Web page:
Jiang Jianguo, minister of the State Council Information Office, and Sushma Swaraj, India’s minister of external affairs, show the new Chinese edition of India Perspective magazine on Feb 1 during the India-China Media Forum.[Photo/China Daily]
Mistrust from decades past should be set aside, editor of century-old newspaper tells forum
Media organizations in China and India should not mislead the public by overemphasizing negative news about each other, a top Chinese press official said.
Jiang Jianguo, minister of the State Council Information Office, said on Feb 1 that news media should offer timely and accurate information, avoid misunderstandings and help advance relations between the two emerging economies.
“Harmonious coexistence, joint cooperation and common development between the ‘Chinese dragon’ and the ‘Indian elephant’ will create a better life for the 2.5 billion people in our two countries, bring prosperity to Asia and provide opportunities to the world,” he said.
Jiang made the remarks in his keynote speech at the opening ceremony of the second India-China Media Forum in Beijing. The forum, jointly hosted by the information office and the Indian Ministry of External Affairs, attracted more than 120 participants, including delegates from 40 leading Chinese and Indian media organizations, as well as scholars and government officials from both countries.
In his speech, Jiang called on the media in both countries to play a constructive role by reporting more on flourishing China-India economic and trade ties.
Jayanta Ghosal, a senior editor of Ananda Bazar Patrika, a Kolkata-based newspaper with a history that spans a century, said the two countries and their media should set aside disputes and seek common interests in economic growth.
“We have to accept that since 1962 there was some mistrust,” he said, referring to the war between China and India. “But now we are living in 2015, and the history should not block our future relationship. Media cannot change history, but media can enhance and motivate good relations.”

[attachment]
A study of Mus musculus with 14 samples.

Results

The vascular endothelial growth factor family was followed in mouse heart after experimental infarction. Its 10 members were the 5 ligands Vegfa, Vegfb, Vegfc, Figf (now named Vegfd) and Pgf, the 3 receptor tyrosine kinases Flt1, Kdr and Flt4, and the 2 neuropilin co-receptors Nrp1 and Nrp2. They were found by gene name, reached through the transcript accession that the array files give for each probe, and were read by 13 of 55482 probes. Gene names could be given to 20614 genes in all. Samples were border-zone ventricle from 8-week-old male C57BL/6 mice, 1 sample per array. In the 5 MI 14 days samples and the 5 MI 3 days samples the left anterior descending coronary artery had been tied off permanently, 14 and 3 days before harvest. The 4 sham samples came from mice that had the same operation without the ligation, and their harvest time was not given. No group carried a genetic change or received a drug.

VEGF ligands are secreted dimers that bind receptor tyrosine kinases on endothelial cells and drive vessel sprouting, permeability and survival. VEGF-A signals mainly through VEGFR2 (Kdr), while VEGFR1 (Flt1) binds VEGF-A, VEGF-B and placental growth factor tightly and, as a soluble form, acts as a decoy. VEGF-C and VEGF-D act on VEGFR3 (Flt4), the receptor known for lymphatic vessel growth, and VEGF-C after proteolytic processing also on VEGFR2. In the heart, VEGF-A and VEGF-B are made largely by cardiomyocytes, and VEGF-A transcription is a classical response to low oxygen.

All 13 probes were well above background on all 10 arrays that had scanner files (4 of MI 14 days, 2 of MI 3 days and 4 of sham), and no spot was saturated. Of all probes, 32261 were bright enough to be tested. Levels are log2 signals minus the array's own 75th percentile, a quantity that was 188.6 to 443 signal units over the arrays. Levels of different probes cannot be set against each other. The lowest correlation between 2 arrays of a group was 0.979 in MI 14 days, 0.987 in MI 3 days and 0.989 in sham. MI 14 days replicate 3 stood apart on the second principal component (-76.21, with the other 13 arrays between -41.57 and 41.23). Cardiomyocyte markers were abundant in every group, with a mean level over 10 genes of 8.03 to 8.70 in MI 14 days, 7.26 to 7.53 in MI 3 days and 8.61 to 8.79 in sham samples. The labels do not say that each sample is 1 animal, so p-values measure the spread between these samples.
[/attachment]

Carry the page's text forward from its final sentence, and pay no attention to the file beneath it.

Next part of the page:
Jiang said both countries are now at a critical stage of development, as the Chinese are striving to realize the Chinese Dream and the Indians are going all out to achieve their growth targets.
In her speech at the opening ceremony, visiting Indian External Affairs Minister Sushma Swaraj characterized the forum as a platform to encourage media appreciation and understanding.
“As our strategic and cooperative relationship deepens in the bilateral domain and expands regionally and internationally, it is vital that our people have a good understanding of each other’s interests and viewpoints,” she said.
India will make it easier for Chinese companies to do business there, and China should give similar encouragement to Indian companies to expand in China, she said.
During the forum, senior editors from media organizations of both countries shared their ideas on topics including the role of media in promoting China-India bilateral ties and the opportunities and challenges for media cooperation presented by the growth of new media.
Gao Anming, deputy editor-in-chief of China Daily, said media organizations in the two countries should explore new channels for communication and collaboration, such as increasing exchanges of journalists, articles and story ideas as well as carrying out joint interviews.
Most of the media workers in China and India have never visited the other country, making misunderstandings unavoidable, he said. Media organizations could enhance cooperation through measures such as employing senior editors from the counterpart country, he added.
Creating the forum was one of the agreements reached during Premier Li Keqiang’s visit to India in 2013. The first forum was held in September that year in New Delhi, India.